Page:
Early applications to the McDonough School of Business grew almost 50 percent this year, fueling a university-wide increase in early applications of 31 percent over last year.

Early applications to Georgetown’s three other undergraduate schools also increased this year. The early application deadline was Nov. 1.

The MSB received 1,025 applications – up from 688 last year – a nearly 49 percent boost.

MSB Dean George Daly credited two main reasons for the jump.

“First, there is a total increased interest in Georgetown University overall, and second, [the] MSB’s rise in the rankings of several national business magazines,” he said.

Over the past two years, the MSB has risen from 38th to 13th place in The Wall Street Journal’s rankings of regional business schools and has been ranked highly by Forbes, BusinessWeek and the U.S. News and World Report magazines.

The university is in the process of constructing a new center for the MSB, which administrators have said should boost the school’s national prominence.

The School of Nursing and Health Studies also received significantly more applicants than last year – a 30.3 percent increase from 320 to 417 applicants. Early applications to the NHS more than doubled last year; the school received 156 early applications in 2005.

NHS Dean Bette Keltner said the escalation is likely the result of a heightened interest in health care among high school students nationwide.

“Health care is hot. At NHS, we have created four different majors that reflect the broad ways in which science is translated into practice,” Keltner said. “Prospective students interested in [the] NHS see a future associated with the fields of health care management and policy, human science, international health and nursing. All of these programs have experienced a growth in applications.”

Georgetown College received 3,266 applications, up from 2,562 in 2006. This increase of 27.5 percent is on par with the School of Foreign Service’s 28.5 percent increase, from 1,002 to 1,288.

Dean of Undergraduate Admissions Charles Deacon said the 31 percent school-wide increase – from 4,560 applicants in 2006 to 5,975 this year – was expected after several top universities dropped their early admissions programs.

“Three elite institutions – Harvard University, Princeton University and the University of Virginia – have eliminated their early application programs,” he said. “Those three universities have a significant impact on our own applicant pool. Without their early programs, there are approximately 8,000 to 10,000 students trying to get into a school that’s non-binding, and so they have a good reason to apply to Georgetown.”

Deacon said this year’s class is one of the most competitive in recent history.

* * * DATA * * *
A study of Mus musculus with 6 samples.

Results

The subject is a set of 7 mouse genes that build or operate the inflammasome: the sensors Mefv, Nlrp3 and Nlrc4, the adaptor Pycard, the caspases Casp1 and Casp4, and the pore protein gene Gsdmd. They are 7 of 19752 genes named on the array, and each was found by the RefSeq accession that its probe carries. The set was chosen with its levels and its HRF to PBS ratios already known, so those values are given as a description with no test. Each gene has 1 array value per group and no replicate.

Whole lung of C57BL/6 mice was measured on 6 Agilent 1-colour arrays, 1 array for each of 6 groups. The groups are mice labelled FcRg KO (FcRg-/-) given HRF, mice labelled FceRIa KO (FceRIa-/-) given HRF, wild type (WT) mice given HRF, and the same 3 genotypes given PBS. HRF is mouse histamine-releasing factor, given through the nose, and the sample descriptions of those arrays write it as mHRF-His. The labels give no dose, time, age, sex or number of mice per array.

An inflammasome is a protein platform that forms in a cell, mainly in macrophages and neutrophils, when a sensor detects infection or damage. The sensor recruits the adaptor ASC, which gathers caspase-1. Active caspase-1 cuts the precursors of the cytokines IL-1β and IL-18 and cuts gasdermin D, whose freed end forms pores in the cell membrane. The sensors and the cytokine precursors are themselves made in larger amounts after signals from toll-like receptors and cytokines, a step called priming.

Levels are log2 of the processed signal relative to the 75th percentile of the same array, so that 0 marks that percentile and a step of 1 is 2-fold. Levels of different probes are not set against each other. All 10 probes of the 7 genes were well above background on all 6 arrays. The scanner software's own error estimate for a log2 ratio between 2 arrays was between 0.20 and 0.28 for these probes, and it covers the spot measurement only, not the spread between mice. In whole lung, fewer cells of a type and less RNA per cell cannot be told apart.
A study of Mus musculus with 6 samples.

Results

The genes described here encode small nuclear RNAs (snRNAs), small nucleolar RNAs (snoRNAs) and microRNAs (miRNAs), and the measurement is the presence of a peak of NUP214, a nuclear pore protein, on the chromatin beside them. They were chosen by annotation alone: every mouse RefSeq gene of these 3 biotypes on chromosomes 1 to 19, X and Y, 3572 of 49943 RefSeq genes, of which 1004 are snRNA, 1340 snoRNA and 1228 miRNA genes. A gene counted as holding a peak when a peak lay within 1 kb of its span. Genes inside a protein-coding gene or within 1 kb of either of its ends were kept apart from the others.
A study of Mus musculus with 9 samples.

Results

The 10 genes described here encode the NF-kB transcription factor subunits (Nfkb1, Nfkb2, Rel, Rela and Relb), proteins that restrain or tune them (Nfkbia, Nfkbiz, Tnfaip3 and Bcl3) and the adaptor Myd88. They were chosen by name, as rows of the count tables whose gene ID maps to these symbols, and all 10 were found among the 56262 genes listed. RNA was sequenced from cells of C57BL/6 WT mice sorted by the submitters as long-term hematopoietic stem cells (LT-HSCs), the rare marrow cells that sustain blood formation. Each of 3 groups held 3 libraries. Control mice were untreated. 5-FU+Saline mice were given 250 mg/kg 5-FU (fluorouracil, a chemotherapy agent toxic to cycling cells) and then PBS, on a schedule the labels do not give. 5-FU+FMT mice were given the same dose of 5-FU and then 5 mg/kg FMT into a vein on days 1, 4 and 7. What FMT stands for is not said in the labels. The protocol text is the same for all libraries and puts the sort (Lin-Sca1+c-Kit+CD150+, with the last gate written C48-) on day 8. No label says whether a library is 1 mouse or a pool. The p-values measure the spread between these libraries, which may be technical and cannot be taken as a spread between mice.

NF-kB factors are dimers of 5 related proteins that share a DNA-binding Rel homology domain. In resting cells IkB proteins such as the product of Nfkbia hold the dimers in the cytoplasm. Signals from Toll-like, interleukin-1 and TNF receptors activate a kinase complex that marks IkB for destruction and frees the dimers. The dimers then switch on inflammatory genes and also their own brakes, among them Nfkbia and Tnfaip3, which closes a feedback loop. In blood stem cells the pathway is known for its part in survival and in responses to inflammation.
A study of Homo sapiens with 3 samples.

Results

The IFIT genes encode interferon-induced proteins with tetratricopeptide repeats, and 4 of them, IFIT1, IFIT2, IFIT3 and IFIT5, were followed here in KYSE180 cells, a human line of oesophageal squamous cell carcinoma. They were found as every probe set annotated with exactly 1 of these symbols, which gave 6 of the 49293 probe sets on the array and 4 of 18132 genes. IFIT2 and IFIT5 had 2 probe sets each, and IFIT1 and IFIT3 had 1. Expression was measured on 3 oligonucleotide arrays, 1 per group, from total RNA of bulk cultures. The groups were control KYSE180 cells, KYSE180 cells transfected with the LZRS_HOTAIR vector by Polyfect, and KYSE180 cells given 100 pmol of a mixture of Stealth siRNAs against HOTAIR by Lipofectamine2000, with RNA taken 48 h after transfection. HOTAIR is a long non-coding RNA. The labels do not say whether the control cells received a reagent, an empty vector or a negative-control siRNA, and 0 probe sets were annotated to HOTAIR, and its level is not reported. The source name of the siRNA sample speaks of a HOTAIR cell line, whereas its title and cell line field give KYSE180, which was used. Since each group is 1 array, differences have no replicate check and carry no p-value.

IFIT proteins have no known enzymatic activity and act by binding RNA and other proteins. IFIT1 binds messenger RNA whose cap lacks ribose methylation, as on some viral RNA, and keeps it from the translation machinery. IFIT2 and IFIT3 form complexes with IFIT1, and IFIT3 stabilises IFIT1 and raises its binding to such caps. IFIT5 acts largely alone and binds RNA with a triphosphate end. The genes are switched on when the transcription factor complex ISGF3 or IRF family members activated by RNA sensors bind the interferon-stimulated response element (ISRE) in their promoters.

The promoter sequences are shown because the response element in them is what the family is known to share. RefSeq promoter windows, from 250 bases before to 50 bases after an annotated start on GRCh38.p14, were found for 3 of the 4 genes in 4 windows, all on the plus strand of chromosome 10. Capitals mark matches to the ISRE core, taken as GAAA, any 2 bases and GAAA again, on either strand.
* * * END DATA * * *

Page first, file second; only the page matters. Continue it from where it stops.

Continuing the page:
“Class rank has risen from 90 percent [in 2006] to 92 percent, while SAT averages are 12 points higher in combined scores,” he said.

Applicants could apply to Georgetown online for the first time this year, but Deacon said he was not sure what effect this had on the number of early applications. He said he anticipates it could increase applications from international applicants, especially in the regular decision process, because it eliminates the potential for the application to be lost in the mail as well as the cost of postage.

Because of this year’s record high number of applicants, Deacon said no more than 18 percent of early applicants will be admitted. Last year’s overall acceptance rate was just under 21 percent.

Deacon said he expects the number of regular decision applicants to rise from 16,000 to 18,000, due in part to national coverage of Georgetown’s men’s basketball team’s Final Four appearance in March.

“If this all proves true, we will regularly admit 18 percent of the applications. The percentage we admit early acts as a function of this percentage. So, 18 percent will be the maximum for early admittance,” Deacon said.

Deacon said that while the yield rate, or percentage of accepted students who choose to matriculate, has typically been around 60 percent in recent years, this number will likely decrease this year. He said the admissions committee will have to be more judicious in accepting applicants, which may lead to more applicants being put on the waitlist.

Deacon said that the size of the Class of 2012 should be around 1,580 students.

“In the long run, this is all good for us,” Deacon said. “We will now spend more energy trying to yield those more competitive students who would have gone to a Harvard or Princeton. We will try to develop programs that get the faculty involved to open dialogue with these students. In the past it was about giving them more and more information.”

Deacon said he expected more students than usual to turn down acceptances at Georgetown in favor of the schools that no longer offer early application.

Jillian Angeline, a senior at Rutgers Preparatory School in New Jersey, said she applied early because she fell in love with Georgetown.

“The fact that the elite institutions eliminated their early programs did not have any bearing on my applying to Georgetown [through] early action,” she said. “I fell in love with the school when I visited. I definitely still would have applied if the early programs were not eliminated.”

Alexandra Scoptur, a senior at the Divine Savior Holy Angels High School in Milwaukee, Wis., applied early to the College, said the increase in applications does not necessarily indicate that more students are putting Georgetown first on their wish lists.

“I know that a number of my friends who have applied from other high schools have taken advantage of Georgetown’s early action process, thinking that there is no harm in submitting it early,” she said. “It makes me nervous and kind of agitated because this is the school that I want to go to the most. Shouldn’t the people who really want to go there have the opportunity to apply first, and then everyone else?”